Hartshill in the First World War
Alongside Hartshill International the other major new event was the launch of the project, Hartshill in the First World War. The primary activity of the first phase of this was a weekend of activities on 2-3 August, although the project will run through to 2018.
This year, 2014, is seeing many events to commemorate the start of World War I in 1914, both nationally and locally. As our local MP, Tristram Hunt, wrote at the beginning of the year, it will be a time for ‘national reflection and respectful debate’. HAHO wishes to be part of this reflective debate, and launched its commemoration with the weekend of activities, just ahead of the centenary of the outbreak of hostilities, on 4 August 1914. This is supported by a generous grant received from the Heritage Lottery Fund’s First World War: then and now programme.
A prelude to the weekend of activities was the key-note address by our local MP, Dr Tristram Hunt, on ‘Stoke on Trent in the First World War’. This was held on Thursday 17 July at the Medical Institute. The 150 who attended enjoyed a stimulating account of a variety of aspects of the theme, and the talk was followed by a Q&A session, and a book-signing.
Then, on Saturday 2 August HAHO, running from 10.00 am to 5.00 pm, we launched an exhibition of photographs, biographies and other memorabilia of soldiers and others connected with the local area, Hartshill, during WWI. This was at the Minton Centre. Alongside others, Reg Edwards, local historian, and HAHO Treasurer, has conducted research into archives, Sentinel files, and hospital records that led to the exhibition. In 2014 our main focus is on the names on the War Memorial in Hartshill churchyard. Who were these soldiers, where did they come from, what family members still live in the area: these and others are the questions the exhibition seeks to answer.
Alongside the exhibition there were readings of poetry from WWI, as well as specially commissioned story-telling, and drama, while the day ended with community singing. At the heart of the day were two talks, by Reg Edwards, on ‘Hartshill and World War I’; and by Barbara Andrew, whose grandmother was a suffragette, who talked about ‘Women before the war, the national and local picture’. There was also a film show of footage from the period, compiled and presented by Professor Ray Johnson of Staffordshire University; the film also included recent interviews with local people connected with the project. The day was a tremendous success with around 150 people present for all or part of the day, with very positive feedback from many people.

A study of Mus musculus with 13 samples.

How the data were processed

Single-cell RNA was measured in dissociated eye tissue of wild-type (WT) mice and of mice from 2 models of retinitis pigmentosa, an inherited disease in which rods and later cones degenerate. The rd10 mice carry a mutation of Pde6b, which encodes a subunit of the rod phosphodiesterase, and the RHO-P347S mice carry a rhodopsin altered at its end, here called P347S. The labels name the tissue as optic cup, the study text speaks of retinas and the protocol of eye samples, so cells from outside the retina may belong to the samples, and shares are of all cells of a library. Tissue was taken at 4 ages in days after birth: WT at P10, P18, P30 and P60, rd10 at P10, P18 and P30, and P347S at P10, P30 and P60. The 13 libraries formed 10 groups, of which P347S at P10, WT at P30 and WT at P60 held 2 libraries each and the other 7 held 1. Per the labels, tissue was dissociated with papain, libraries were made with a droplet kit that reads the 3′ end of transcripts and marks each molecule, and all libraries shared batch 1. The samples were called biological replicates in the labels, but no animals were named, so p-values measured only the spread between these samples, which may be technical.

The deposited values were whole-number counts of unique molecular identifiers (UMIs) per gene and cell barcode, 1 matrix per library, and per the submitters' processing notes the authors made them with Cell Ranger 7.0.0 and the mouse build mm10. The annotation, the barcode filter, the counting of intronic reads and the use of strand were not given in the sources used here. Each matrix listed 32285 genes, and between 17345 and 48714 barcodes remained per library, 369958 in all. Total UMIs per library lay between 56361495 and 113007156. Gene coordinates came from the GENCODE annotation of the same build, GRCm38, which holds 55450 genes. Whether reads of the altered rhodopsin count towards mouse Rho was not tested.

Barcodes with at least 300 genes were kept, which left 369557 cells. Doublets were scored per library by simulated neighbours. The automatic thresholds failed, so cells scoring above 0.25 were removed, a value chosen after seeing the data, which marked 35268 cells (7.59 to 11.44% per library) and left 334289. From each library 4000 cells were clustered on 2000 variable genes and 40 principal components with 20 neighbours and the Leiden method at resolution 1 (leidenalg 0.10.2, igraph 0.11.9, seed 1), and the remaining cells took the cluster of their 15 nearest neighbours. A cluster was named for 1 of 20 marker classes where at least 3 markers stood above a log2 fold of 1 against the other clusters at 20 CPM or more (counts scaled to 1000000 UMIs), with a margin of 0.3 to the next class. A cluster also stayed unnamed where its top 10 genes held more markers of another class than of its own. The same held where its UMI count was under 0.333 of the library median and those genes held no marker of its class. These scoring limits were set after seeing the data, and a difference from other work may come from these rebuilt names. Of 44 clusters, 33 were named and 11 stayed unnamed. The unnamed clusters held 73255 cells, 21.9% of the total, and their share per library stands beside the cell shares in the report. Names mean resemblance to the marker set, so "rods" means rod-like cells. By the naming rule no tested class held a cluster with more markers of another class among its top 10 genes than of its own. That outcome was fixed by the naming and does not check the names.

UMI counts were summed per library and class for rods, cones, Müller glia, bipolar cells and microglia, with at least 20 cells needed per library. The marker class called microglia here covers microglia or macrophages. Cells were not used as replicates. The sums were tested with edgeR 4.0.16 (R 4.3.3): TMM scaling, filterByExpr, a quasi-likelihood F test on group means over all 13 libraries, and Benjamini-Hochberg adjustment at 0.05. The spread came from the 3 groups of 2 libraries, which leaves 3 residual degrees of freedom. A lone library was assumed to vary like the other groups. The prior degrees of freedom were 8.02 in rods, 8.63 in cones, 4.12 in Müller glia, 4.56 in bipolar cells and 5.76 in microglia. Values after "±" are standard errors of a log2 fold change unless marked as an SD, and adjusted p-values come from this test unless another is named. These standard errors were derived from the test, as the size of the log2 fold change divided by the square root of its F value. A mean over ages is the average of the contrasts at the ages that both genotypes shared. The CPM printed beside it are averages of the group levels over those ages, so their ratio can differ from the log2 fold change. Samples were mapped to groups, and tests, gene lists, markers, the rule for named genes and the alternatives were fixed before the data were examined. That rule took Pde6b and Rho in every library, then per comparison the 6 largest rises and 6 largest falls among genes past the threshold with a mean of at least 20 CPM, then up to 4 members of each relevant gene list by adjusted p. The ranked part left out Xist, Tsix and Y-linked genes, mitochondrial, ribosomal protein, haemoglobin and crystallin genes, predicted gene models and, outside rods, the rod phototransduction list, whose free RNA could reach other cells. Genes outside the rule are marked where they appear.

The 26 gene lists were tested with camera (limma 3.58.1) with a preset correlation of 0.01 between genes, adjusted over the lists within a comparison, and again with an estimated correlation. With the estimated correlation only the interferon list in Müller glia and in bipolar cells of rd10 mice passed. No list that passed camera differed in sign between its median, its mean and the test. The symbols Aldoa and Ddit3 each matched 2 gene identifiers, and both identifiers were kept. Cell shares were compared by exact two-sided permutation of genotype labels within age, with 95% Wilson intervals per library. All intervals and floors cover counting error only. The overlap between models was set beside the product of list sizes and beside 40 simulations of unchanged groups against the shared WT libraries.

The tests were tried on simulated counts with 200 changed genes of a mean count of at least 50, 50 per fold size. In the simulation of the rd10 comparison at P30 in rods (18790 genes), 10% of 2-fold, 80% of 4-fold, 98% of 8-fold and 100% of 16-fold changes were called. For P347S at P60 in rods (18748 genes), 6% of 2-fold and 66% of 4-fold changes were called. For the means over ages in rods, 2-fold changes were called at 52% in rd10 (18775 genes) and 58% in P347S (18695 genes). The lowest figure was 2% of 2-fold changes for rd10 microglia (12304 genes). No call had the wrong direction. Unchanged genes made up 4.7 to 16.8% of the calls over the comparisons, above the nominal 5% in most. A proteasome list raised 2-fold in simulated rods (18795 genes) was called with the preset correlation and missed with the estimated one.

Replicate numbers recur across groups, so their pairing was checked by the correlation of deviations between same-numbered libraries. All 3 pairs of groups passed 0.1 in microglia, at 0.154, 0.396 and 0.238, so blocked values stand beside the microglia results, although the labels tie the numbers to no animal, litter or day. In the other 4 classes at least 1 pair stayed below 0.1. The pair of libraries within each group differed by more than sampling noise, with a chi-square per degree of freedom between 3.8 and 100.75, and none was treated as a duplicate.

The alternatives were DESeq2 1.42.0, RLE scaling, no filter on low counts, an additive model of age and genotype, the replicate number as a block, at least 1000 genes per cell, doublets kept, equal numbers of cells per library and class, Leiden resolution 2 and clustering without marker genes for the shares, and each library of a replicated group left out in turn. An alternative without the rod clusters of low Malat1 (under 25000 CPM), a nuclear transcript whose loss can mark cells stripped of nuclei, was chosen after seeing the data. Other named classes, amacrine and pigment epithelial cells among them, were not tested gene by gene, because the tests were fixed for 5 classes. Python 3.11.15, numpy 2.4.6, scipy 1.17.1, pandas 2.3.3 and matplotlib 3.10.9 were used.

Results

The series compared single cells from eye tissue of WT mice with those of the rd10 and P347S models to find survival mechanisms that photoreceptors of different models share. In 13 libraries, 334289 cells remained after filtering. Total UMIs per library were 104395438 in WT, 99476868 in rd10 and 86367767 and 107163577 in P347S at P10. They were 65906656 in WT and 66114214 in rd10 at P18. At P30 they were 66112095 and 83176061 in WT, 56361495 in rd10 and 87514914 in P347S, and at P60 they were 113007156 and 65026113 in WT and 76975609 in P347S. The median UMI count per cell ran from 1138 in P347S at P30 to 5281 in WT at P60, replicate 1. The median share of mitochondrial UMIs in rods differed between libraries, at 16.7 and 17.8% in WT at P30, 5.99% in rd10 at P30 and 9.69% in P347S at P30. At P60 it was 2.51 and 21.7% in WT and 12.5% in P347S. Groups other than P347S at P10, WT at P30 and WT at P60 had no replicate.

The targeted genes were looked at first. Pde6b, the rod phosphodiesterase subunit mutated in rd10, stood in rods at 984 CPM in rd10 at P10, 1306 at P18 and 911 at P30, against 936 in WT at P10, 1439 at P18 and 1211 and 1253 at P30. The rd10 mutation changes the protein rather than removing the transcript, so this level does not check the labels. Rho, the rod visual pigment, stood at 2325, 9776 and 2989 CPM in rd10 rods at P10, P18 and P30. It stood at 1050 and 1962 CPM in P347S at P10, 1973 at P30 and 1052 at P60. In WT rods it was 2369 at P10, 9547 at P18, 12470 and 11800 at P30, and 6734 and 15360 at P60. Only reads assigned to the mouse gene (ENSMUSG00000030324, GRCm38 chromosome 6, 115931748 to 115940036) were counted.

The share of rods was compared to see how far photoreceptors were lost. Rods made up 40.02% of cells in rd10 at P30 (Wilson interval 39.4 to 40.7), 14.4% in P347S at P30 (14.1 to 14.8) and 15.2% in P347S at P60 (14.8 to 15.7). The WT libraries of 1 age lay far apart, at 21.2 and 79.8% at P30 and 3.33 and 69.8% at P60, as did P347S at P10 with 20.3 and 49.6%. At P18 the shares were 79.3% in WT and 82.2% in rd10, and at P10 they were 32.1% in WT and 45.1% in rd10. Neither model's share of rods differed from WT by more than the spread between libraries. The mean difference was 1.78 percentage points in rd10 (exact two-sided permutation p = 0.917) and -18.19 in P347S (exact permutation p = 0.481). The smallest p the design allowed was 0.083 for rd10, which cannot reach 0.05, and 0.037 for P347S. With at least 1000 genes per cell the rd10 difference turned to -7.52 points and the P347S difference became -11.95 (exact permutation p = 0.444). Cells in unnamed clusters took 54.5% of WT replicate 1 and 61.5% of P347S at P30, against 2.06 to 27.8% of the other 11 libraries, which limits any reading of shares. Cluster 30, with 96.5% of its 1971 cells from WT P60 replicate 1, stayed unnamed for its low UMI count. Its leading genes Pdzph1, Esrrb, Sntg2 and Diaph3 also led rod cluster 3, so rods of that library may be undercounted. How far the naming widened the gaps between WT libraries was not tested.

The following day, Sunday 3 August, at 2.30 pm there was a service of commemoration by the War Memorial in Hartshill Churchyard, in which representatives from local Sikh and Muslim communities took part, alongside people from local Christian churches. The Lord Mayor of the City of Stoke-on-Trent, Councillor Majid Khan, was present on both days.
Following the service, there was a parade led by local Air and Army Cadets, and other groups to Hartshill Cemetery, where the Lord Mayor and others laid wreaths. This in turn was followed by a guided walk round Hartshill cemetery, led by Reg Edwards, where there are about 90 war graves. There were about 80 people in attendance.
Following these events the exhibition went on ‘tour’ around local venues, including the Civic Centre, UHNS hospital, local schools and churches. Both Reg Edwards and Barbara Andrew have given further talks on WWI, and the WWI poetry was read to students at Thistley Hough Academy on 7 November.
Local historian Reg Edwards has thoroughly researched Hartshill, (with Basford and Cliff Vale) during the First World War and gives details of the participation of local residents in that conflict.
Please visit his site for the history of Hartshill and Basford, images and profiles of WW1 soldiers and much more.